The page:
Thoughts on Processing on ARM
2017 Foundation Fellow
(in conversation with Johanna Hedva)
The 2017 Processing Foundation Fellowships supported an unprecedented seven research projects that expanded the p5.js and Processing softwares and their communities. Fellows developed work ranging from bilingual zines, to accessible coding curriculum to be taught in prisons, to workshops aimed at teaching code to women, non-binary, and femme-identifying folks. Throughout the summer we’ll be posting a series of articles — some written by the fellows, some in conversation with Director of Advocacy, Johanna Hedva — that showcase and document the great work by this year’s cohort.
JH: Hello Gottfried! You have a long history of working in the Processing community. Can you give me a description of what you’ve been working on for this fellowship in 2017?
GH: Hello Johanna! I used the fellowship to explore interesting applications for Processing and the Raspberry Pi, which is a small and inexpensive computer, about the size of a credit card, purposefully designed for use in education. I focused my fellowship on building the related infrastructure, like libraries, so that users can focus on the more rewarding and open-ended exploration of this platform. (This, and a lot of invisible overall “plumbing.”)
JH: The impact of this work on how open source communities operate is important and vital. Can you walk us through the grand scheme of things of how your fellowship work functions within bigger questions of how to build and sustain open source beyond only the sketchbook window?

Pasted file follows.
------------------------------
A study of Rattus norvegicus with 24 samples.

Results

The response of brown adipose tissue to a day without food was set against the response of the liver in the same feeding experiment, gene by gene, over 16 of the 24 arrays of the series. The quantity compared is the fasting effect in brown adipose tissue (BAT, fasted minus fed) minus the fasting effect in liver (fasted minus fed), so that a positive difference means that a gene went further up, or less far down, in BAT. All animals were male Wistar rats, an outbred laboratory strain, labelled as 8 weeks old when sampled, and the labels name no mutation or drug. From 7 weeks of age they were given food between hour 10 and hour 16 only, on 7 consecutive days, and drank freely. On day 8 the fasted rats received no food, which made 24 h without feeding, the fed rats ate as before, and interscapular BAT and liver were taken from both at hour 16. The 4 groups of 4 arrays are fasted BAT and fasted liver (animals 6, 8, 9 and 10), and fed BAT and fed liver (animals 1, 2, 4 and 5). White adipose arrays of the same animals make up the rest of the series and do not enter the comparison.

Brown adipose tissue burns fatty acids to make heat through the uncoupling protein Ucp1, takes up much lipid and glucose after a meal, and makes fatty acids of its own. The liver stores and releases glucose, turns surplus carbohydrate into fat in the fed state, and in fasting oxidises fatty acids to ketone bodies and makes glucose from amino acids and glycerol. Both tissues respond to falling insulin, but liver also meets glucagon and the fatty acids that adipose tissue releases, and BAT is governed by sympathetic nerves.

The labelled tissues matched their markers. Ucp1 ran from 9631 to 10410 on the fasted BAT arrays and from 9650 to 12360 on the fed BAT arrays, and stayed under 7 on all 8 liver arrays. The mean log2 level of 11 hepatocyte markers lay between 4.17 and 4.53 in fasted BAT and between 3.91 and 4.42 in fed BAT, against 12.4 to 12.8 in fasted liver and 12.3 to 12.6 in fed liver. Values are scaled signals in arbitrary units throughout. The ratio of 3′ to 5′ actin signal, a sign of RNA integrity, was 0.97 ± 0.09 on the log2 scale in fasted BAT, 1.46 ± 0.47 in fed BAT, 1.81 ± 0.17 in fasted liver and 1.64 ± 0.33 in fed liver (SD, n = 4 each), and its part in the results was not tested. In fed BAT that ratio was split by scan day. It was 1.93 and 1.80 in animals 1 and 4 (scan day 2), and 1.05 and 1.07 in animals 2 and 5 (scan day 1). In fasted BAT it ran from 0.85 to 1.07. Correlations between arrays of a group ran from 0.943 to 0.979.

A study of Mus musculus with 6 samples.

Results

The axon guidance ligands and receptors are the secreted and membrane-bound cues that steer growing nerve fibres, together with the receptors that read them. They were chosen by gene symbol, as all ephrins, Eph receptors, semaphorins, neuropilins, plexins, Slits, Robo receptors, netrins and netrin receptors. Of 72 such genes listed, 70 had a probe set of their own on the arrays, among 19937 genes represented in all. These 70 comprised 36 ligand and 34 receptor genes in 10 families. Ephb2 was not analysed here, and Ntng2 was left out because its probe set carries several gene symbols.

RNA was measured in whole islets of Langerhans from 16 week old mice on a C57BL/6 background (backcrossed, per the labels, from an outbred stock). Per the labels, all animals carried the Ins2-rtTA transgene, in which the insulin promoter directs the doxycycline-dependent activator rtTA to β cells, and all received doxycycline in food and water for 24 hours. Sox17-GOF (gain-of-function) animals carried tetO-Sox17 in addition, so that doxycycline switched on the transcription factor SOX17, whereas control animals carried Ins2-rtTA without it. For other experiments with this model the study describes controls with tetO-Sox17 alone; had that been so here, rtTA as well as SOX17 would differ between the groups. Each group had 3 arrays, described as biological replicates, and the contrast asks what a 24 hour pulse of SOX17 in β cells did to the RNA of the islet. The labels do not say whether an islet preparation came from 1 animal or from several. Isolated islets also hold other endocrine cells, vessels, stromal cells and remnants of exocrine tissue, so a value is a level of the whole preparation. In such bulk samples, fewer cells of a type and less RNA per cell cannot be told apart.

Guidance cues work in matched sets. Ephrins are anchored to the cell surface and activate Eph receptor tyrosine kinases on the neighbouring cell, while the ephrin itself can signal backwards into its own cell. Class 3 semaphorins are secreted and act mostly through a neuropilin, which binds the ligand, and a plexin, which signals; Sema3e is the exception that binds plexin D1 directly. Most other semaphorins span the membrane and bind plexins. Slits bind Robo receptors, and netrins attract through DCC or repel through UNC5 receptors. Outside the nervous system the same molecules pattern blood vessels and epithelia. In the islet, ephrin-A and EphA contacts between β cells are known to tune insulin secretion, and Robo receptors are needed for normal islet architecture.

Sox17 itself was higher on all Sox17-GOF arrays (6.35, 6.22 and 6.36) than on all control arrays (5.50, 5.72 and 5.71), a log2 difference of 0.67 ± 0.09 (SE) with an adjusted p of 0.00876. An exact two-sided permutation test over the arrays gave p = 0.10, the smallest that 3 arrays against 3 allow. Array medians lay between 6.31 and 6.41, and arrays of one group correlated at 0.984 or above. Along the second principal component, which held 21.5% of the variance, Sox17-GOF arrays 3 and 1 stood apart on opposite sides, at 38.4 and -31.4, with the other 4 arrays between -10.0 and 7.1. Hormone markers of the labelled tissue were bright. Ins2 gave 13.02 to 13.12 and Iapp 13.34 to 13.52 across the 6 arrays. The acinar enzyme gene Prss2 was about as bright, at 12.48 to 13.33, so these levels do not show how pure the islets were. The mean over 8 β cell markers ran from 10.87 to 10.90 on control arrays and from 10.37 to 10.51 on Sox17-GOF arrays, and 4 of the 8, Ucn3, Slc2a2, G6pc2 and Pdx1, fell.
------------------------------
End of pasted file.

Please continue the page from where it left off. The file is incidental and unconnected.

GH: Sketches on the Raspberry Pi don’t live in isolation, but on top of a fully fledged operating system. This is different than the Arduino platform, where the emphasis can be put entirely on the sketch itself, as there is almost nothing between it and the hardware. But on Single Board Computers one generally operates in the context of a Free Software “Linux” distribution — which is somewhat of an amalgam of the collective labor of thousands and thousands of people. It’s a fascinating project.
JH: I’m very interested in how labor works in open source communities, so this “amalgam of the collective labor of thousands” perks up my ears. What do you think are the implications of both using and providing labor toward a fully fledged open source operating system? Like, how might it affect, say, an artist’s practice, compared to a coder’s practice?
GH: It allows for much different types of engagement — apart from the technical. One is quick to discover the importance of social interaction with the communities around specific projects, the importance of learning about their politics (e.g., concerning reciprocality, “gift economy,” and so on), and what drives individuals to spend their evenings and weekends partaking in such a collective effort. Obviously, this world is not without its issues, such as the often, still rather homogeneous nature of those groups. But it’s hard for me to fathom any discussion about software “alternatives” (e.g., to the hegemonic platforms of the big five technology companies) or software “politics,” that would not benefit from a close look at (or participation in) this almost 40-year-old project.
To this end, I believe Processing on ARM Linux to be uniquely fit to encourage users to also look underneath and left and right of their software sketchbook, and to productively hook into, and work with, other parts of this giant assemblage.
JH: So, what’s next for you?
GH: I’m looking forward to continuing to develop and test those ideas — e.g., as part of Hackers & Designers Summer Academy next week, where we’ll be combining software sketches with papier-mâché shells to “re-build” our smart appliances in an imagined world off the proverbial grid.
I have also been working on a book that discusses the particularities and possibilities of using Processing on low-cost devices such as the Pi, which I hope to wrap up and get out into the world in the not-too-distant future.